Goldsmiths students’ union may take action against the Islamic (Isoc) and Atheist, Secularist and Humanist (ASH) societies over the row that erupted during Maryam Namazie’s lecture last month.
The students’ union said in a statement it had “concluded [its] investigation into the events that took place at the ASH event on 20 November,” and elaborated over four action points.
Maryam Namazie was invited to speak in November on behalf of Goldsmiths’ ASH society on ‘Apostasy, Blasphemy and free expression in the age of Isis’, but the lecture was disrupted, with allegations of intimidation and at least one death threat being made.
The statement continued: “We will arrange meetings with the Islamic and Atheist, Secularist and Humanist societies individually and identify actions that will be taken by each society. This may be followed by disciplinary action against individual society members and/or a society.”
As part of its response, the students’ union has also committed to “review [its] external speaker procedure and safe space policy in line with best practice from other institutions” and to arrange a meeting with all societies to brief them on this review.
The statement added: “No society will be able to proceed with an external speaker even unless this briefing has been attended.”
Finally, the students’ union will organise a compulsory annual training session for clubs and societies who wish to invite external speakers in the beginning of each year.
Responding to the statement, the president of Goldsmiths’ ASH society told London Student: “From the information that the SU has reluctantly given to me it is very unlikely that we will be disciplined.”
He added: “The video [of the lecture] illustrates no wrongdoing on our behalf,” and described the students’ union’s response as “somewhat confusing”.
Goldsmiths students’ union announced it was investigating the lecture shortly after the ASH society said it would make a complaint against the Islamic society. The union also asked Namazie to remove a recording of her lecture while the investigation was being conducted, but the speaker refused.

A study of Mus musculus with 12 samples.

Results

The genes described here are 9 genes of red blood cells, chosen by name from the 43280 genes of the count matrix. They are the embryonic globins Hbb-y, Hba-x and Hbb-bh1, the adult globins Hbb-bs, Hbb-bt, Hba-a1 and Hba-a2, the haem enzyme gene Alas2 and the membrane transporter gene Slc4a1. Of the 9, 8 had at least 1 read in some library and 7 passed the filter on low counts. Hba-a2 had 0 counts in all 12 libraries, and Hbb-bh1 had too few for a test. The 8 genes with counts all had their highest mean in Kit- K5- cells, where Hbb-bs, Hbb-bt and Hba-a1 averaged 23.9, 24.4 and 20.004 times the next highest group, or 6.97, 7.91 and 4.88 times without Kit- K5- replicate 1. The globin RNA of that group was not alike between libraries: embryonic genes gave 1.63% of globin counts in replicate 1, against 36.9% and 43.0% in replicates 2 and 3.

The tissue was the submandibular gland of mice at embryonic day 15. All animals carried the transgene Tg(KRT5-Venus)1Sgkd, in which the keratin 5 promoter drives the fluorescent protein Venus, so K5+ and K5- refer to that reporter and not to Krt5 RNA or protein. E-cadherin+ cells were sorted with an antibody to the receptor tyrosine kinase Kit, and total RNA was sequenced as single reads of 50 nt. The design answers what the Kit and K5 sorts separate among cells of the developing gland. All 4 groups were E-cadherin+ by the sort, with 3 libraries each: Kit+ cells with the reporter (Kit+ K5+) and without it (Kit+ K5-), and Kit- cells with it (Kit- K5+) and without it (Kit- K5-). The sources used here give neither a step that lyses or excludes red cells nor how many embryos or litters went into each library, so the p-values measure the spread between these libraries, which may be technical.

The Islamic society, in the immediate aftermath, also accused members of the Atheist society and security staff of “unnecessary bullying and violence” during the talk, adding in a statement: “The university should be a safe space for all our students. Islamophobic views like those propagated by Namazie create a climate of hatred and bigotry towards Muslim students.”
The National Union of Students (NUS) and other students’ unions employ a “safe space” policy to ensure an accessible environment in which every student feels comfortable, safe, and free from intimidation and judgement. This policy extends to all events hosted by the union.
Goldsmiths students’ union’s own safe space policy document reads: “Goldsmiths Students’ Union (GSU) recognises that systematic oppression excludes certain groups whilst providing others with unequal power.
“The safe space policy is designed to protect oppressed groups and enable their full participation in the student union. GSU is committed to operating as a space which is inclusive and supportive in which no forms of discrimination are tolerated.”
However critics, including Goldsmiths’ ASH society, have labelled the policy as “free-speech suppressing”. A petition calling for the National (NUS) to reform its safe space policies gained almost 2,500 signatures within a week.
London Student attempted to contact both the Islamic society and the students’ union for a comment but neither responded at the time of writing.